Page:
Thursday, February 13, 2014

Online Paleography

  I have just done one of my all too infrequent updates on the Paleography Links page of Medieval Writing. Unfortunately there seem to be more sites that have disappeared than new ones appearing. Spain and Italy in particular seem to have virtually disappeared off the paleography map. Some of the survivors are also looking a little elderly and forgotten as well. It has been pointed out before that production of online material has never been given its full regard in academic circles, and many working academics have abandoned their projects to get on with the dreaded peer reviewed olde worlde steam driven print publications in order to survive and progress.
  It is kind of flattering to find Medieval Writing at the top of some lists of paleographical resources, but a little alarming as I am not actually a professional paleographer, more a new media facilitator with an education, and I have not been able to update the site at anything like the speed I would like to. There is much weeping and wailing about the lack of interest by governments in the promotion of the humanities, but providing good quality resources for them in the media where everybody plays these days is probably a better bet than anything that governments can do.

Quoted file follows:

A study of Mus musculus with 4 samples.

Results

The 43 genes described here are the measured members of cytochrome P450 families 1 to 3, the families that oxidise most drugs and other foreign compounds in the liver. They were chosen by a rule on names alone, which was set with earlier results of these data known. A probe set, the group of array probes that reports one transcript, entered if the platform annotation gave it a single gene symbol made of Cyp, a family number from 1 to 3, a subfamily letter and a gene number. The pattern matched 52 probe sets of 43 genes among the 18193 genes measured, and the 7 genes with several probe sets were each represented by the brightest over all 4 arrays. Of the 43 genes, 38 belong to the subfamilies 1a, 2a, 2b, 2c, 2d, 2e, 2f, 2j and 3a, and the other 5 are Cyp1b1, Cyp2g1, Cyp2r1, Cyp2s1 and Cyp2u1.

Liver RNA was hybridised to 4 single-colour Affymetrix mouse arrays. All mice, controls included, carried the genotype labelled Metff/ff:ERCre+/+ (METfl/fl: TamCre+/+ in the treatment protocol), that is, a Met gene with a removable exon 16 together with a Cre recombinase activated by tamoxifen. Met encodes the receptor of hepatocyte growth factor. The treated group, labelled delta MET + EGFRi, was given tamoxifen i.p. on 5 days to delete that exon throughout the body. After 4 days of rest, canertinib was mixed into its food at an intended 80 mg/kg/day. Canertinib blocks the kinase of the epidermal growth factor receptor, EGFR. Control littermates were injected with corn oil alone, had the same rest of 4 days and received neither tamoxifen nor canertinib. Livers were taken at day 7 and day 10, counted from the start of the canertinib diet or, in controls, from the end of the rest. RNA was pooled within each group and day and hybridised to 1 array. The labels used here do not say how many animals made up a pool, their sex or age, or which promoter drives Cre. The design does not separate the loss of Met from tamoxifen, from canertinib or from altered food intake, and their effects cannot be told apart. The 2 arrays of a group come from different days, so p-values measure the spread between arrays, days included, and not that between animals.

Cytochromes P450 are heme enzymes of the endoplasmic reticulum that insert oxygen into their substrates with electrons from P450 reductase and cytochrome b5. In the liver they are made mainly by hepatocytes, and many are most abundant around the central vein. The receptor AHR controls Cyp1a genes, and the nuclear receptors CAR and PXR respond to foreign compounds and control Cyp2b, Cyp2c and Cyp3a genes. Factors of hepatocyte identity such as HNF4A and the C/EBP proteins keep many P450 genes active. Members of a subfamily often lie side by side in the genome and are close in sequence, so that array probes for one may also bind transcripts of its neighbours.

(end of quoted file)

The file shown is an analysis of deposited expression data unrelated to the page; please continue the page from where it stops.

The latest development in manuscript studies in the media seems to involve the ever increasing provision by libraries and archives of digital facsimiles which are freely available for anyone to use. This is a wonderful thing and to be applauded mightily. Check out Sexy Codicology to find out where to find them all. Cheers to Giulio, the busiest man on the medieval internet.
  Perhaps when we have all stopped drooling over the pretty pictures that we have not been able to admire before, interest may be revived in discovering what these manuscripts are all about, and that involves being able to read them. Sure, there are intricate and erudite studies being produced in English literature departments, but they surely have a broader appeal to those interested in our history.
  OK, now which one of you pinched the steps to my soapbox? I want to get down now.

Addendum: A couple of links on Spanish paleography have been added. Thanks to  on Twitter.